April 21, 2010 |  1:40 pm

Hemet City Trucks Torched

Residents in Hemet have long known that there is a skinhead element in their town.

They see them walking down the street, groups of tattooed, shaved-headed young men in combat boots and fatigues.

But now, authorities are investigating whether white supremacists are behind a series of attacks on police department facilities in the Riverside County suburb.

More than 150 law enforcement officials raided various sites in the area Tuesday, arresting more than 35 people. Sources have told The Times investigators believe the attacks – including booby trapping police offices – were the work of a white supremacist gang with roots in the area.

Law enforcement officials have been cracking down on these types of gangs in recent years.

Experts who study hate groups said Hemet and surrounding communities are particularly fertile ground for white supremacists, and estimated there are at least a dozen such groups operating in the Inland Empire area. Brian Levin, director of the Center for the Study of Hate and Extremism at Cal State San Bernardino, said there have been several hate incidents as well as leaflet distributions by white supremacist groups in Riverside County in the last two years, including several believed to be tied to the election of President Obama.

“There is significant concentration of hate groups in the Inland Empire unlike anywhere else in the nation from the National Socialist Movement to the Hammerskins to COORS family skins,” he said.

Ten days after the 2008 presidential election, a 19-year Latino man was beaten by a group of white men in Hemet. Seven members and associates of the COORS (““Comrades of our Racist Struggle”) Family skinheads were arrested by Hemet police and four were prosecuted. 

A year ago, the San Bernardino County Sheriff's Department arrested members of the Inland Empire Skinheads gang in connection with several home-invasion robberies and an attempted murder case.

Hemet authorities declined to say what groups were under investigation. The sources, who spoke on the condition of anonymity because it was an ongoing investigation, also refused to cite specific groups.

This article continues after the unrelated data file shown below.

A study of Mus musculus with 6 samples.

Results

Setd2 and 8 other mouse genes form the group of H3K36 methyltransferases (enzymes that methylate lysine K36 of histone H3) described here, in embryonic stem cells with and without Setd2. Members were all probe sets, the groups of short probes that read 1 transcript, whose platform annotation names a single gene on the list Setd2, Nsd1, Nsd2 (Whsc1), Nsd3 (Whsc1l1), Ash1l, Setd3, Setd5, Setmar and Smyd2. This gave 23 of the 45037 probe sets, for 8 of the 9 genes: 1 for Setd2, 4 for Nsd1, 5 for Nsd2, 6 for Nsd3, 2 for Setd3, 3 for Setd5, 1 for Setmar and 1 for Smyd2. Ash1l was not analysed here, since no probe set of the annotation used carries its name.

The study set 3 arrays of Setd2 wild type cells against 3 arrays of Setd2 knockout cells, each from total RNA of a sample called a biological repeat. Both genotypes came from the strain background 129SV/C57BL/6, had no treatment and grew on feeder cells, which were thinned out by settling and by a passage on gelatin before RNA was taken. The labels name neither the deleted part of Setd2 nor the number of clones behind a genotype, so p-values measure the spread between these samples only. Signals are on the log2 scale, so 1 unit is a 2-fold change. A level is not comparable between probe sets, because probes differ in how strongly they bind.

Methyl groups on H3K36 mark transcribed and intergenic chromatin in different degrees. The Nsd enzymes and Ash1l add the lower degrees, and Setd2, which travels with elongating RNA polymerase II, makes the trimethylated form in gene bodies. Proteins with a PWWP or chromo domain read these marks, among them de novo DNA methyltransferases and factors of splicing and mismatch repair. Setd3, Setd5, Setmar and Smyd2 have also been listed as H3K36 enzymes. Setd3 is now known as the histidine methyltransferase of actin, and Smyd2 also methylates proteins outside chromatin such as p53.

The attacks began last year as booby traps were set at the headquarters of the Hemet-San Jacinto Valley Gang Task Force, officials said. In December, a utility line was redirected to fill the offices with gas. Officials said a spark could have triggered a devastating explosion.

In February, a "zip gun" was hidden by the gate to the task force office and rigged to fire. When a gang officer opened the gate, the weapon went off and the bullet narrowly missed him, authorities said. In early March, police said, a "dangerous" device was found near the unmarked car of a task force member. That was followed by an arson attack on four city code enforcement trucks March 23.

There have been many theories over the months about who was responsible for the attacks.

Last month, authorities arrested 33 alleged members of the Vagos motorcycle gang. After the operation, Riverside County Dist. Atty. Rod Pacheco said in an interview that the Vagos were "an extreme threat to law enforcement." But authorities have never formally said that gang was involved.

Tracie Long, a 38-year-old Hemet sales clerk, said she’s seen skinheads in the city but said she’s had no dealings with them. She said dozens recently congregated on a major street corner to decry pending immigration legislation.

Long said she was skeptical that Tuesday’s arrests would solve the mystery of the attacks. "Until they can prove it no one knows for sure" she said.

--Robert Faturechi in Hemet and Richard Winton in Los Angeles

Photo: Torched Hemet city vehicle. KTLA News.